On October 2, 2020, the Small Business Administration (SBA) issued a procedural notice regarding changes of ownership of an entity that has received Paycheck Protection Program (PPP) funds.  The notice does three main things – defines when a “change of ownership” is deemed to have occurred, details when and how lenders may unilaterally approve an ownership change, and details when and how SBA approval must be obtained.

A change of ownership is deemed to have occurred if one of the following applies:

  1. At least 20 percent of the common stock or other ownership interest of a PPP borrower is sold or otherwise transferred (including to an affiliate or an existing owner of the entity), whether in one or more transactions;
  2. The PPP borrower sells or otherwise transfers at least 50% of its assets (measured at fair market value), whether in one or more transactions; or
  3. A PPP borrower is merged with or into another entity.

Prior to the closing of any change in ownership transaction, the PPP borrower must notify the PPP lender in writing of the contemplated transaction and provide a copy of the proposed agreement or other transaction documents.  Depending on the circumstances of the change of ownership, there are different procedures to follow.

If the PPP note is fully satisfied prior to the closing of the transaction, by means of full repayment or completion of the forgiveness process, there are no restrictions on a change of ownership.

If the PPP note is not fully satisfied prior to the closing of the transaction, PPP lender approval is required in two circumstances:

  1. If the change of ownership is structured as a merger or as a sale or other transfer of common stock or other ownership interest
  2. If the change of ownership is structured as an asset sale.

In the case of a merger, stock sale, or other ownership transfer, the transfer must be of 50% or less of the common stock or other ownership interest, and in the case of an asset sale, the transfer may be of 50% or more of the assets (measured by fair market value).  

In both instances, the PPP borrower must complete and submit a forgiveness application and supporting documentation reflecting the use of all PPP loan proceeds and the creation of an escrow account controlled by the lender with funds equal to the outstanding loan balance, which funds will be disbursed following the loan forgiveness decision.

In all other circumstances, the PPP lender must seek SBA approval before consenting to the transaction, and the SBA must review and determine whether to approve within 60 calendar days of receipt of the following:

  1. The reason that the PPP borrower cannot fully satisfy the note;
  2. The details of the requested transaction;
  3. A copy of the executed PPP note;
  4. Any letter of intent and the purchase or sale agreement setting forth the responsibilities of the PPP borrower, seller (if different from PPP borrower), and buyer;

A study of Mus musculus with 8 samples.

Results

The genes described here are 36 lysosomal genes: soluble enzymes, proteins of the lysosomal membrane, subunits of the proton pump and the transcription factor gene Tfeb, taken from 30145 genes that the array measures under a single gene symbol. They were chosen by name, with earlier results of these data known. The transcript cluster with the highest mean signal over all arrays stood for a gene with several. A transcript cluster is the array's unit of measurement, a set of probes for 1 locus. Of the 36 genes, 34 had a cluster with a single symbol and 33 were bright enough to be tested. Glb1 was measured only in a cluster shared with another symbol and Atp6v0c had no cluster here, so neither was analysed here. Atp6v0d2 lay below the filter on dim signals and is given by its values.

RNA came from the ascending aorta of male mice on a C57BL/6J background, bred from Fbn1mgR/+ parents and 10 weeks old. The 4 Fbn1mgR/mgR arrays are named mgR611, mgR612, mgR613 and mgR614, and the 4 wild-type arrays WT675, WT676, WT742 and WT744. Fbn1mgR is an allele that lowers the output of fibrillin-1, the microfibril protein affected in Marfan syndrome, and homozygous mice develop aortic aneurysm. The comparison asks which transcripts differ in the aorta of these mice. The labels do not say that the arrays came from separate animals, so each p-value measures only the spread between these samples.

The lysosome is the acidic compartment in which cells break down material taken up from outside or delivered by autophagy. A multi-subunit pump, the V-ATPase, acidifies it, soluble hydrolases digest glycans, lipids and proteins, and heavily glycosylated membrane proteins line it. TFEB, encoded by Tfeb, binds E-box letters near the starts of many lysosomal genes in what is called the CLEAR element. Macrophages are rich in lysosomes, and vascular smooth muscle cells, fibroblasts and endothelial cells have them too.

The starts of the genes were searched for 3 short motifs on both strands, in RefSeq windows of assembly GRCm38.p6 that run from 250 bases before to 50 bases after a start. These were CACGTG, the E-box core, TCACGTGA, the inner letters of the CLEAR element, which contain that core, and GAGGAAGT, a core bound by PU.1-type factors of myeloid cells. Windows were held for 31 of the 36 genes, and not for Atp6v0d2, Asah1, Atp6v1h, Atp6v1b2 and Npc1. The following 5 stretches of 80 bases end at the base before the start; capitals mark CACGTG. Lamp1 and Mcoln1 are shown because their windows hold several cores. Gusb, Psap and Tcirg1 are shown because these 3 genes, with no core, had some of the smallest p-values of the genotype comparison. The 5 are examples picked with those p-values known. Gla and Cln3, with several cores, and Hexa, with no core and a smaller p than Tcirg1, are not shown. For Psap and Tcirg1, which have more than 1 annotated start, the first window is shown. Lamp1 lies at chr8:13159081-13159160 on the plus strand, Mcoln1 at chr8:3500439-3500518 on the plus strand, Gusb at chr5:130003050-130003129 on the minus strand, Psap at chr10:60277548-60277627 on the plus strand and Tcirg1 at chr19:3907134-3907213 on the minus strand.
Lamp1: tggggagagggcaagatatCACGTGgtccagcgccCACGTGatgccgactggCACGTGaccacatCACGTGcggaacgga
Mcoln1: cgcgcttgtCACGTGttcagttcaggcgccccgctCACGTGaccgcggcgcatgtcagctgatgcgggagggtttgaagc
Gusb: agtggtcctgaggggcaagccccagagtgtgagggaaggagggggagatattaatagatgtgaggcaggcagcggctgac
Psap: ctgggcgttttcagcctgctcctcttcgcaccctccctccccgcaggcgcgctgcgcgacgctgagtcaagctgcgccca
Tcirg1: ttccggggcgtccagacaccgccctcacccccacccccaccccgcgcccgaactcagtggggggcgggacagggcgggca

5. Disclosure of whether the buyer has an existing PPP loan, and if so, the SBA loan number; and
  6. A list of all owners of 20% or more of the purchasing entity.

In the case of a change of ownership involving the sale of 50% or more of the assets, approval is conditioned on the purchasing entity assuming all of the PPP borrower’s obligations under the PPP loan, including compliance with its loan terms.  And in the case of a merger, stock sale, or other ownership transfer, the PPP borrower will remain subject to all obligations under the PPP loan.

Borrowers and their Lenders must now examine M&A transactions in light of the new guidance, with its incentive to either repay a PPP loan or conclude the forgiveness process prior to the transaction closing.  Other borrowers should be prepared to escrow funds while awaiting either a forgiveness decision or approval by the SBA under this new review process.

We will continue to monitor the impact of COVID-19 and provide information businesses need today to prepare for a continually changing tomorrow via our Navigating Disruption: Business Resilience Resources hub.


Larry’s practice focuses on commercial lending, real estate and business transactions. It also includes creditors’ rights in litigation, foreclosure and various insolvency proceedings. For more than 20 years, Larry has represented Milwaukee Economic Development Corporation (MEDC), a trailblazing non-profit lender which invests in the Milwaukee business community. He has documented and closed hundreds of MEDC loans to a wide array of local businesses, helping them achieve their business goals. Larry also represents established and start-up businesses with real estate and asset purchase transactions and other financing, leasing, development and corporate matters. His commitment to helping small businesses thrive comes from his family’s legacy of owning and operating small businesses. His experience growing up around entrepreneurs and working for a family retail business gave him the tools needed to know how to respond and best serve his clients as an attorney. Prior to beginning his practice, Larry clerked for The Honorable Stephen A. Felsenthal, United States Bankruptcy Judge for the Northern District of Texas.